OK, Ottawa, OK. The rest of the league gets it. You’re good. You can skate. You can score. Man, can you score.
The Ottawa Senators (11-2-0) are doing their best impression of the Edmonton Oilers of the mid-1980s, scoring 64 goals through 13 contests.
How? With the most explosive line in hockey, featuring center Jason Spezza, displaying Gretzky-esque vision and hockey sense, between snipers Dany Heatley and, since last week, Daniel Alfredsson (he replaced rookie Brandon Bochenski, since dispatched to the AHL).
The three stars-on-the-rise are in the top five in league scoring, and are a dominant force every time they step on the ice.
Despite a 5-3 loss in Philadelphia last week, Ottawa has won four of its past five games by a combined score of 31-11. That includes an 8-0 whitewashing of the Maple Leafs (in Toronto), a 10-4 hammering of the Sabres (in Buffalo) and Saturday’s 6-0 blanking of the Islanders (on Long Island).
The Sens already have had three players score four goals in a game Â– Heatley against Toronto, and Alfredsson and Martin Havlat against Buffalo. Alfredsson had six points in that game, while Havlat has six goals in three games since returning from a five-game suspension for kicking.
Oh yeahÂ…Ottawa also has Wade Redden, Zdeno Chara and Chris Phillips on defense, and Dominik Hasek (three shutouts, 1.88 goals-against average) in net.
Happy to be back
It took Florida winger Gary Roberts all of 26 seconds to celebrate his return to Toronto, where he spent the past four seasons. With no goals in first six games as a Panther, Roberts stepped onto the ice at Air Canada Centre, collected a Bryan McCabe turnover in the slot, and chipped the puck over Ed Belfour’s shoulder. (It was the only shot to beat Belfour, who shut out Florida for the remaining 59:34.)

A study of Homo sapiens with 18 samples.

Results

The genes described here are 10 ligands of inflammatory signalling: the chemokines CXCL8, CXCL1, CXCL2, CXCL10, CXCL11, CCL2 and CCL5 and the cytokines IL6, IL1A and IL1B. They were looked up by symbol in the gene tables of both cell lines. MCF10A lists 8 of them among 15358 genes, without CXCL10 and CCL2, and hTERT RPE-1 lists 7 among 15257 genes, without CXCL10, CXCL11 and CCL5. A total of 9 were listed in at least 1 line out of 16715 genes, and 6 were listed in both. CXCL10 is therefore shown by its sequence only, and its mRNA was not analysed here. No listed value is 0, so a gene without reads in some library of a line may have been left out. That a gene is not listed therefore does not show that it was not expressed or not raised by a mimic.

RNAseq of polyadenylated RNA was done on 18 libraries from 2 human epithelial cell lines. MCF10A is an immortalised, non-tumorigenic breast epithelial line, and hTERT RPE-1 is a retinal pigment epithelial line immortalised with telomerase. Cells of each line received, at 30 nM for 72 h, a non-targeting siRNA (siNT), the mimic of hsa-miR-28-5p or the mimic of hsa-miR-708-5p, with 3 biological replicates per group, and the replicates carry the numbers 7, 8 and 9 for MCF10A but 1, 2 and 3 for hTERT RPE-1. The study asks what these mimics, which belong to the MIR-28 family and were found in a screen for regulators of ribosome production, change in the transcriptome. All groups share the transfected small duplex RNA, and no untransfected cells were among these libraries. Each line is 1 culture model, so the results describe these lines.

Look up Â“backup goalieÂ” in the dictionary and you’ll surely see a photo of Detroit’s Manny Legace. He has spent his entire career as a No. 2, the second fiddle in a one-man band.
Finally, this season, thanks to the salary cap, Detroit is going with Legace and Chris Osgood as their netminders. When Osgood got hurt in the pre-season, Legace stepped in and went 10-1-0 in October, setting an NHL record for goalie wins in that month. Then, on Nov. 1, Chicago winger Matthew Barnaby fell on Legace (with a more-than-gentle nudge from Wings defender Jiri Fischer), spraining the goalie’s left knee. The good news, though, is Legace won’t be out long.
Magnificent on power play, butÂ…
Mario Lemieux leads the NHL with 13 power play points in 15 games. The flip side is, Lemieux only has five points at even strength in 15 games.
It’s nothing new for Lemieux to pile up points on the man advantage, but it must be disconcerting for the team that he has managed just three goals and five points at even strength.
That Sidney Crosby kid, meanwhile, seems to have it figured out: his 19 points are almost evenly split, nine on the power play and 10 at even strength.
Pierre Â“Can you hear me NOW?!Â” McGuire, TSN’s love-him-or-hate-him color commentator, made a good point last week when he said that all knee-on-knee hits should automatically be given a four-minute (double-minor) penalty. And then he said the NHL should crack down on head-cracking cheap shots, too.
And then the room started to spin, because we so wholeheartedly agreed with McGuire’s logic.